Uber Had Their Best Month Ever In March. They Also Lost $6.8 Billion In 2020, So They Need More Month’s Like That.

As the recovery from the pandemic continues, people are looking for a ride more than ever and Uber holds the proof.

The ride-sharing company cruised to record numbers, announcing its March numbers eclipsed previous high-water marks.

Not only was the “Mobility” segment of the company up significantly, the delivery business reached an all-time best.

Record gross bookings in the month of March produced Uber’s best month since March 2020, with average daily gross bookings up 9% from February.

Its delivery business soared, too, topping 150% year-over-year.

“As vaccination rates increase in the United States, we are observing that consumer demand for Mobility is recovering faster than driver availability, and consumer demand for Delivery continues to exceed courier availability,” Uber said in its Securities and Exchange Commission filing.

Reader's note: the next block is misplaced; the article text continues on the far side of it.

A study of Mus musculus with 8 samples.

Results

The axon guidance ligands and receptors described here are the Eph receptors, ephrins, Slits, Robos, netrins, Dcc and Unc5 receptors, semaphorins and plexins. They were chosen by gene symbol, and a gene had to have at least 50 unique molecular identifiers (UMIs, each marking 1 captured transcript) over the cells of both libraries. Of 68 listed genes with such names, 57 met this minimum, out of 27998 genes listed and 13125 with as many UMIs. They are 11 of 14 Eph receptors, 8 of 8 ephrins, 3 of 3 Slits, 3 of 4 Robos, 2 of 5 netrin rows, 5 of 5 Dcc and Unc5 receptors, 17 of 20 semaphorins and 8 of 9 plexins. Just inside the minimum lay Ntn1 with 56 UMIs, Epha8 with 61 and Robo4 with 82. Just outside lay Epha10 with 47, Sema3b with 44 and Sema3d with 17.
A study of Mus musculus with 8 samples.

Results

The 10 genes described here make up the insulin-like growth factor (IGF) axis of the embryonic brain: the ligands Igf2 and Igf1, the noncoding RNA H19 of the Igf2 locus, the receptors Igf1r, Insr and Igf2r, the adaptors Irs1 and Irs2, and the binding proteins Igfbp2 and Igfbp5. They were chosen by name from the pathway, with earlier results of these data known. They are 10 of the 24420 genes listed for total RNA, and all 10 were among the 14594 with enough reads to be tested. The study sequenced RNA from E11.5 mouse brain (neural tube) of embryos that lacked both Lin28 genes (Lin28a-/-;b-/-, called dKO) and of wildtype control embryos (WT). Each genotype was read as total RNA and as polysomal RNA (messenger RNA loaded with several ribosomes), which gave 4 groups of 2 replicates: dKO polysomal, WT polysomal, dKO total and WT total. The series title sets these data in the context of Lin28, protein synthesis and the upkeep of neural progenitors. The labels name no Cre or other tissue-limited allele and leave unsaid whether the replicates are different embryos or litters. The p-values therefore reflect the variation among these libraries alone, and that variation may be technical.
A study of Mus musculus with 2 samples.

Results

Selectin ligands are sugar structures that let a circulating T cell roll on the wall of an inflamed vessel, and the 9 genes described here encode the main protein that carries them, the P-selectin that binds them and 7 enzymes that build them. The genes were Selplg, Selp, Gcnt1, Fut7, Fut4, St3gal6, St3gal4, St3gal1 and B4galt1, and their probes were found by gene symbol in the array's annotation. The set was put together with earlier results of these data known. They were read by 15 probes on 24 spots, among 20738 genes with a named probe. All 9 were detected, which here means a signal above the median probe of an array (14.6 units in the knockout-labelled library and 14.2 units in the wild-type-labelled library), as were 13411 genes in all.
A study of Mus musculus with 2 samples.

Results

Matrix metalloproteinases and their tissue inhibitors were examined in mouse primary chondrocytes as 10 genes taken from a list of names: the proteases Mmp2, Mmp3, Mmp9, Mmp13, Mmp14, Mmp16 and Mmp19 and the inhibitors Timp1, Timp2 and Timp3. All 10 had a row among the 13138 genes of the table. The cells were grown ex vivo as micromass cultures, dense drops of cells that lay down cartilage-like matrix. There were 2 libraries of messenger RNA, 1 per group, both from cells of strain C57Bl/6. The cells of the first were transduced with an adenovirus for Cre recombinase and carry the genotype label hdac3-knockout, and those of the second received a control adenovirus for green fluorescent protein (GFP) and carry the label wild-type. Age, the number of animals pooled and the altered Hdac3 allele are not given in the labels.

Uber stock climbed almost 4%, trading at more than $60 as of midday EDT. The shares were hovering around $28 a year ago at this time amid the COVID-19 lockdown restrictions that adversely affected ride sharing.

Fortunately for Uber, food delivery demand led to a significant rise for that part of the company.

The company also announced plans to roll additional “stimulus” money into its product. The process involves spending $250 million in a one-time financial package to bring more drivers, for new driver bonuses, for guaranteed pay and for the on-boarding new drivers. 

Though Uber lost nearly $6.8 billion last year, it expressed confidence in attaining profitability by the end of this year in adjusted EBITDA (earnings before interest, taxes, depreciation and amortization).

It’s an interesting pursuit to watch.

In February, all 70,000 United Kingdom Uber drivers became entitled to a minimum wage and other protections after a Supreme Court ruling said they would be defined as workers, not independent contractors. 

That move, however, likely will lead to higher costs for the consumer.